Curb Service

When you mention the words “curb service” what comes to mind? Depending on when you grew up you might be familiar with some of the old-fashioned drive in diners that dotted the highways and byways throughout the country. Most small towns at one time had a drive in diner. The image of waitresses on roller skates is even further supported in movies and television programming.

Today I had just arrived from the bank when a truck pulled up in front of the store. The way my store is positioned there is a break in the curb to allow wheelchairs, walkers or people with other disabilities to gain access to the sidewalk without having to step up on the curb. Well this man parked right in front of the store blatantly blocking that ramp. I got the lights turned on and looked out front wondering what I was going to say to this man who ignored the “No Parking” sign hanging right in front of him.

As I look out the front door he makes eye contact with me and holds up a handicap hang tag. Immediately my attitude changed from focusing on what I perceived as a rude person to one of a person in need. I walked outside with a smile on my face and I could immediately tell this gentleman was embarrassed by his situation. He was overweight and I could see a cane in the seat next to him. He told me he was scheduled for surgery and needed some items to help him over the next couple of weeks prior to his surgery. After giving me the list, I returned with a training slip showing him what his total was. He gave me his credit card . . . you get the idea. I thanked him, gave him by business card and told him if he had any questions or concerns all he had to do was call me. He was genuinely appreciative of the service he received.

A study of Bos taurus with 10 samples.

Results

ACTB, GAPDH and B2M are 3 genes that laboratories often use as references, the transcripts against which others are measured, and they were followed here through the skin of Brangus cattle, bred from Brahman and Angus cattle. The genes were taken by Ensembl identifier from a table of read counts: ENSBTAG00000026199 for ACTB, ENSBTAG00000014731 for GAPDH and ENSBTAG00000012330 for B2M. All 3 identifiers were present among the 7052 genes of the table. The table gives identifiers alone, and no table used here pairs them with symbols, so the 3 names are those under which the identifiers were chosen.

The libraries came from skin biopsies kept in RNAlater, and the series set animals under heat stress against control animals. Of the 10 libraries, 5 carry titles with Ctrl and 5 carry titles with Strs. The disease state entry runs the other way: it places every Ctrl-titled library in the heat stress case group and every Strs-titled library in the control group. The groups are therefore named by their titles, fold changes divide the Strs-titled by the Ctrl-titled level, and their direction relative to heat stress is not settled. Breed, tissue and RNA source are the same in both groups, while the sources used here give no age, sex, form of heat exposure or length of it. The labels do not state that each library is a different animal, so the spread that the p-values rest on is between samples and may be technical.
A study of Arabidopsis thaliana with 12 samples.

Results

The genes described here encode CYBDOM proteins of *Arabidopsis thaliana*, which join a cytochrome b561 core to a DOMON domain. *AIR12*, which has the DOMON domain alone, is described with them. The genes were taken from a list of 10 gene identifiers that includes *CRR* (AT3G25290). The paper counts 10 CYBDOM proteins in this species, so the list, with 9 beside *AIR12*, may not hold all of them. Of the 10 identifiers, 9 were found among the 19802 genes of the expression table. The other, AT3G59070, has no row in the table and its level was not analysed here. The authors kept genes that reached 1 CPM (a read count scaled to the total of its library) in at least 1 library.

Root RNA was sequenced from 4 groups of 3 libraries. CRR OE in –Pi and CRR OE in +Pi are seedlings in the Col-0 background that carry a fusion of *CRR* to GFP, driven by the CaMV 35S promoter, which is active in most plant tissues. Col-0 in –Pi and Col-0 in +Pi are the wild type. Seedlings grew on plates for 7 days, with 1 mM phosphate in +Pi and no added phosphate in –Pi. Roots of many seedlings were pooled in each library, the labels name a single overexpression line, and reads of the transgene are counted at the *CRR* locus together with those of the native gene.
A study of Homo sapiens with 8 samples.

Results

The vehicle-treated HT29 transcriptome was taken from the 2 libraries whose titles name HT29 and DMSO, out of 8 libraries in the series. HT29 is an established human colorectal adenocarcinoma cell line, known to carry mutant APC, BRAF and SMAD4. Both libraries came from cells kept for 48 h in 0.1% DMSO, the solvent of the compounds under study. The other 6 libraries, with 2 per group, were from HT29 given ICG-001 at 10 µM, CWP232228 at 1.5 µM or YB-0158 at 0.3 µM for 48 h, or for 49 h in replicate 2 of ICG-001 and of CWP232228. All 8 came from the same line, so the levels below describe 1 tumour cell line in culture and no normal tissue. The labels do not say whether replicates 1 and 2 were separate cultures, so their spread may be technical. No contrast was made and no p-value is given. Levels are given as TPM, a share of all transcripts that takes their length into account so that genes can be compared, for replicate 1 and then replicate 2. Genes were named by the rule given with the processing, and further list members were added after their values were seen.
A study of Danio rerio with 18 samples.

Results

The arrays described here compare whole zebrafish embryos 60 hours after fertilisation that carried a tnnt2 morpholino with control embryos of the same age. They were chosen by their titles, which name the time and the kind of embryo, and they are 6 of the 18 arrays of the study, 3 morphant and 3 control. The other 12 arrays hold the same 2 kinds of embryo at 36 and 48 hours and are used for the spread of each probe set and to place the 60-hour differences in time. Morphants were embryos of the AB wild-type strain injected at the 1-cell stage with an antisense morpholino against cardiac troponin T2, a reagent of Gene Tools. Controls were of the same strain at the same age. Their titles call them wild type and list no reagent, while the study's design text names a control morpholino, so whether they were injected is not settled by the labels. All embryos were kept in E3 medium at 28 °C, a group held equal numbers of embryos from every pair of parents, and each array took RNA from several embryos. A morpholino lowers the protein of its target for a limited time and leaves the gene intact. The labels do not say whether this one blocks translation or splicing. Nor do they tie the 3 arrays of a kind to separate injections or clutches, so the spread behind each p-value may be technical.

We are part of a culture that expects quick, no-frills service. Drive-thru coffee, drive-thru immunizations and drive-thru weddings were unheard of a generation ago. I guess we can blame it on our parents and grandparents. . . doubt it. We have created this type of atmosphere.

A lot of people today expect curb service type attention. But to those that don’t expect it, what would happen if we delivered it to them anyway?

What can you do to bring that level of service to every customer that comes through your doors?

* Smile
* Listen
* Thank the customer
* Look them in the eye
* Carry their purchase to their car, if possible
* Offer freebies

It’s pretty simple. Serve your customer as if they were a guest in your home.